Water Resources

Colorado is home to the headwaters for four major rivers (the Colorado, Rio Grande, Arkansas and South Platte) that flow out of state, supplying water to 19 other states and over 35 million people. Colorado is also the source of many major tributaries to the Colorado River system (Yampa, White, Dolores, Gunnison, San Juan, and San Miguel Rivers, among others), and thousands of smaller waterways. No major rivers flow into Colorado. Population growth and urban development in Colorado are intensifying conflicts between the users of this water, including urban, agricultural and recreational users.

Understanding and addressing water needs in Colorado is fundamental to the survival of the state’s urban and rural communities, as well as its wild places and ecosystems. The state's rapid growth threatens to pit urban populations against healthy river flows and agricultural landscapes. In fact, the Colorado Water Conservation Board estimates that Colorado will face a municipal and industrial supply gap of 630,000 acre-feet per year by 2040. In addition to demand in the state of Colorado, the Colorado River currently provides water to 36 million people and irrigates six million acres of land in the American West and Mexico.

The first-ever State Water Plan was approved in 2015, and recognizes the need to balance environmental and recreational flows for rivers with municipal, industrial, and agricultural water needs. Implementing the plan's recommendations will require significant political will and new financial resources. New ideas integrated into the plan (many from Gates grantees and partners) include detailed planning at the basin level for non-consumptive (i.e. environmental and recreational) water needs and the application of new tools to measure tradeoffs among different types of water needs.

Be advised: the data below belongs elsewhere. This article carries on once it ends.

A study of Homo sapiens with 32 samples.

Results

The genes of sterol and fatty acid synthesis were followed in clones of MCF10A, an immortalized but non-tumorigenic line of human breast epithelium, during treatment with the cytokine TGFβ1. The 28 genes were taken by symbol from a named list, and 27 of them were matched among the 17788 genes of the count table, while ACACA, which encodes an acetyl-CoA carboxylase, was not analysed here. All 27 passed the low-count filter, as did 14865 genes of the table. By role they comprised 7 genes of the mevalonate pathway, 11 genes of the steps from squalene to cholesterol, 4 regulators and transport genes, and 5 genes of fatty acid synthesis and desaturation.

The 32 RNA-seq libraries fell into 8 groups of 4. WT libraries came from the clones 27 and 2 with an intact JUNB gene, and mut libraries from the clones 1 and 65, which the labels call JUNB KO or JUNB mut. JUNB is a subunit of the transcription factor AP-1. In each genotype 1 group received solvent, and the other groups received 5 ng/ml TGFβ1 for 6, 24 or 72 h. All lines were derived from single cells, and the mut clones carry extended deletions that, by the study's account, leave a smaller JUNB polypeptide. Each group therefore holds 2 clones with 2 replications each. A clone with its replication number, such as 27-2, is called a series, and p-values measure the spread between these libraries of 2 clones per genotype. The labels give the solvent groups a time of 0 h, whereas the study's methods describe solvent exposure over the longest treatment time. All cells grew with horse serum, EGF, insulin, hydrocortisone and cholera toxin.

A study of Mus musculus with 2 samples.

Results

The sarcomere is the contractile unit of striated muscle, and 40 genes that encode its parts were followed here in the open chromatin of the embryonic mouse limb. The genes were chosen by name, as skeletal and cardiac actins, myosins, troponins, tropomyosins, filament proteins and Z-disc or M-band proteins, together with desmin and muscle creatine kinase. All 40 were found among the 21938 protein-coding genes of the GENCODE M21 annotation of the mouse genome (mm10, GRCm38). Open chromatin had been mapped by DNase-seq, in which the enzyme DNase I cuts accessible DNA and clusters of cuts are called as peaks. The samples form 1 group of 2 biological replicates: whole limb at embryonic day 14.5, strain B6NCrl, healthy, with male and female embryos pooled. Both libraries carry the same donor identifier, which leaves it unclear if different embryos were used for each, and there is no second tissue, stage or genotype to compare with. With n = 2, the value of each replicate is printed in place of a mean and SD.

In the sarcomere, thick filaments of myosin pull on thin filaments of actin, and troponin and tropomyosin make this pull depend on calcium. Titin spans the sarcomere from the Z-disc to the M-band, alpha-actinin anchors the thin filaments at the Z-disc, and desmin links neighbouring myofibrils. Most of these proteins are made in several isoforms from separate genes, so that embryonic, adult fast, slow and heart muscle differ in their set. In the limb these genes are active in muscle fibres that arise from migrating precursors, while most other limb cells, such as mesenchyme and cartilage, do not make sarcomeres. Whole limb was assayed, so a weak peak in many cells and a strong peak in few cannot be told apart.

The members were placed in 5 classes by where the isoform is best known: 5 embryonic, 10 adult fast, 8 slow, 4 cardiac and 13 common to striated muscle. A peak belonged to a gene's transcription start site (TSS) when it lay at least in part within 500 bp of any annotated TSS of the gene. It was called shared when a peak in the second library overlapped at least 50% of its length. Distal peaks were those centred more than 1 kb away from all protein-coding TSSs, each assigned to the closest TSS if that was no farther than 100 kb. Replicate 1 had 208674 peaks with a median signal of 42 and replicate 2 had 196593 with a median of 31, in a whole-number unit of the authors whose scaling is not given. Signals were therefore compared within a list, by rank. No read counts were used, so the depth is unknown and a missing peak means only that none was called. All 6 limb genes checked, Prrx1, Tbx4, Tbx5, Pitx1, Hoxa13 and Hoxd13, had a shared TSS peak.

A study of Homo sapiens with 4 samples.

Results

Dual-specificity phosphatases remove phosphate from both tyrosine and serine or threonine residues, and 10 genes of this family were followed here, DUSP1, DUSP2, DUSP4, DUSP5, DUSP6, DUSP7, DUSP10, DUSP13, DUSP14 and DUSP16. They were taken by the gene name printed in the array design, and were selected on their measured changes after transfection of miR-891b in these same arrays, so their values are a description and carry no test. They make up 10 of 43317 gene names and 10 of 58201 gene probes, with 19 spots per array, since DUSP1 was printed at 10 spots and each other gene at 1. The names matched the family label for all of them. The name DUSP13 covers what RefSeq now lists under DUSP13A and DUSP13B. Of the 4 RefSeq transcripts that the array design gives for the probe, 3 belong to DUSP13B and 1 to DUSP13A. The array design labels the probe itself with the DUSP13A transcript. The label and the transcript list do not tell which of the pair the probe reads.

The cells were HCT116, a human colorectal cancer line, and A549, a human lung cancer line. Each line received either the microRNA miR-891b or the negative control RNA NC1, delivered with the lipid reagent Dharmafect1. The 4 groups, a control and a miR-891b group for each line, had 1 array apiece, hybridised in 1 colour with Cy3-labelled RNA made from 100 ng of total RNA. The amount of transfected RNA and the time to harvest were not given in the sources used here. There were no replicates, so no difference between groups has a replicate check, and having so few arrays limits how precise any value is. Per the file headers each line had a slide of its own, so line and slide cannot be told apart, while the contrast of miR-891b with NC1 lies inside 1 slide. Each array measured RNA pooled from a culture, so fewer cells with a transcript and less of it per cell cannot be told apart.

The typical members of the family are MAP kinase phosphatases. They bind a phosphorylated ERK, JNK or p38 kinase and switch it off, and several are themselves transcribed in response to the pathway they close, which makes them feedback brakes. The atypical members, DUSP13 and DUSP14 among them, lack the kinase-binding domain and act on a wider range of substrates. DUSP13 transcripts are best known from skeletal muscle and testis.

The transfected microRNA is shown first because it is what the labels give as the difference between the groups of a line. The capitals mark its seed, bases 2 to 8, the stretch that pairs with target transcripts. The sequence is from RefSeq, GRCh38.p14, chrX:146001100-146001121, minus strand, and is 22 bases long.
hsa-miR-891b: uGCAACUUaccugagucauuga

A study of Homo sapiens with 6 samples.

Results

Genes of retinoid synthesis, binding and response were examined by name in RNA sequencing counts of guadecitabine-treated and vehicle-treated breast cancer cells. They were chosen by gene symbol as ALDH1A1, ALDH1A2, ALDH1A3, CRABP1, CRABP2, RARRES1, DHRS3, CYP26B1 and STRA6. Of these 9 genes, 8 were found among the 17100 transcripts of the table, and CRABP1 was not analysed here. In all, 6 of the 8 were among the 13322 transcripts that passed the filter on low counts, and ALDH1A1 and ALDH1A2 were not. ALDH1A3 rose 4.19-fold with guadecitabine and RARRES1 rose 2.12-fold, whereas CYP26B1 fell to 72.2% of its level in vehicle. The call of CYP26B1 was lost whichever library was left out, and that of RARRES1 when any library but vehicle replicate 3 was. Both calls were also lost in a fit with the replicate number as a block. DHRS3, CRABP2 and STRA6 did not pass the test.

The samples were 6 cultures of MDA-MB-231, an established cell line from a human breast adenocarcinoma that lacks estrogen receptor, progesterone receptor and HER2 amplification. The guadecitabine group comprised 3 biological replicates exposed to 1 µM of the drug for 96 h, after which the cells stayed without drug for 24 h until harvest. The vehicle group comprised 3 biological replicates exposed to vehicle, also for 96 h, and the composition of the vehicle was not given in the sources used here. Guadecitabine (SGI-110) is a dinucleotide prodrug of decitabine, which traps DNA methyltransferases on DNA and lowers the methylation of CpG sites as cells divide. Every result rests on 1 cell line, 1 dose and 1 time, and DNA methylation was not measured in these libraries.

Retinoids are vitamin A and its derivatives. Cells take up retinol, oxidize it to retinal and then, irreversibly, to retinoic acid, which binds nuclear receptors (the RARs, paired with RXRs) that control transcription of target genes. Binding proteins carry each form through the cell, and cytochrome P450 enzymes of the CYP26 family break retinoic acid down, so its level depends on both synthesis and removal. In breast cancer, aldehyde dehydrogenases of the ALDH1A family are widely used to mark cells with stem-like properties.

The Foundation supports projects that advance new tools, processes and ideas to realize a long-term, sustainable balance between future urban, agricultural, recreational and environmental needs in the state’s rivers. The Foundation works closely with all relevant stakeholders including policy leaders, agricultural interests, nonprofit advocates, scientists and water resource managers to identify high leverage, high impact investments to balance competing demands and protect the state’s water resources. Aspects of this program may be complementary with Foundation activities focused on land conservation, stewardship, community development and ecosystem services. Looking forward, Foundation staff will continue to support models of cross-sector cooperation and market-based tools, connect land use and water conservation, support instream flows and healthy rivers, explore means to develop better water data and analysis, and advance implementation of the State Water Plan toward balanced water outcomes.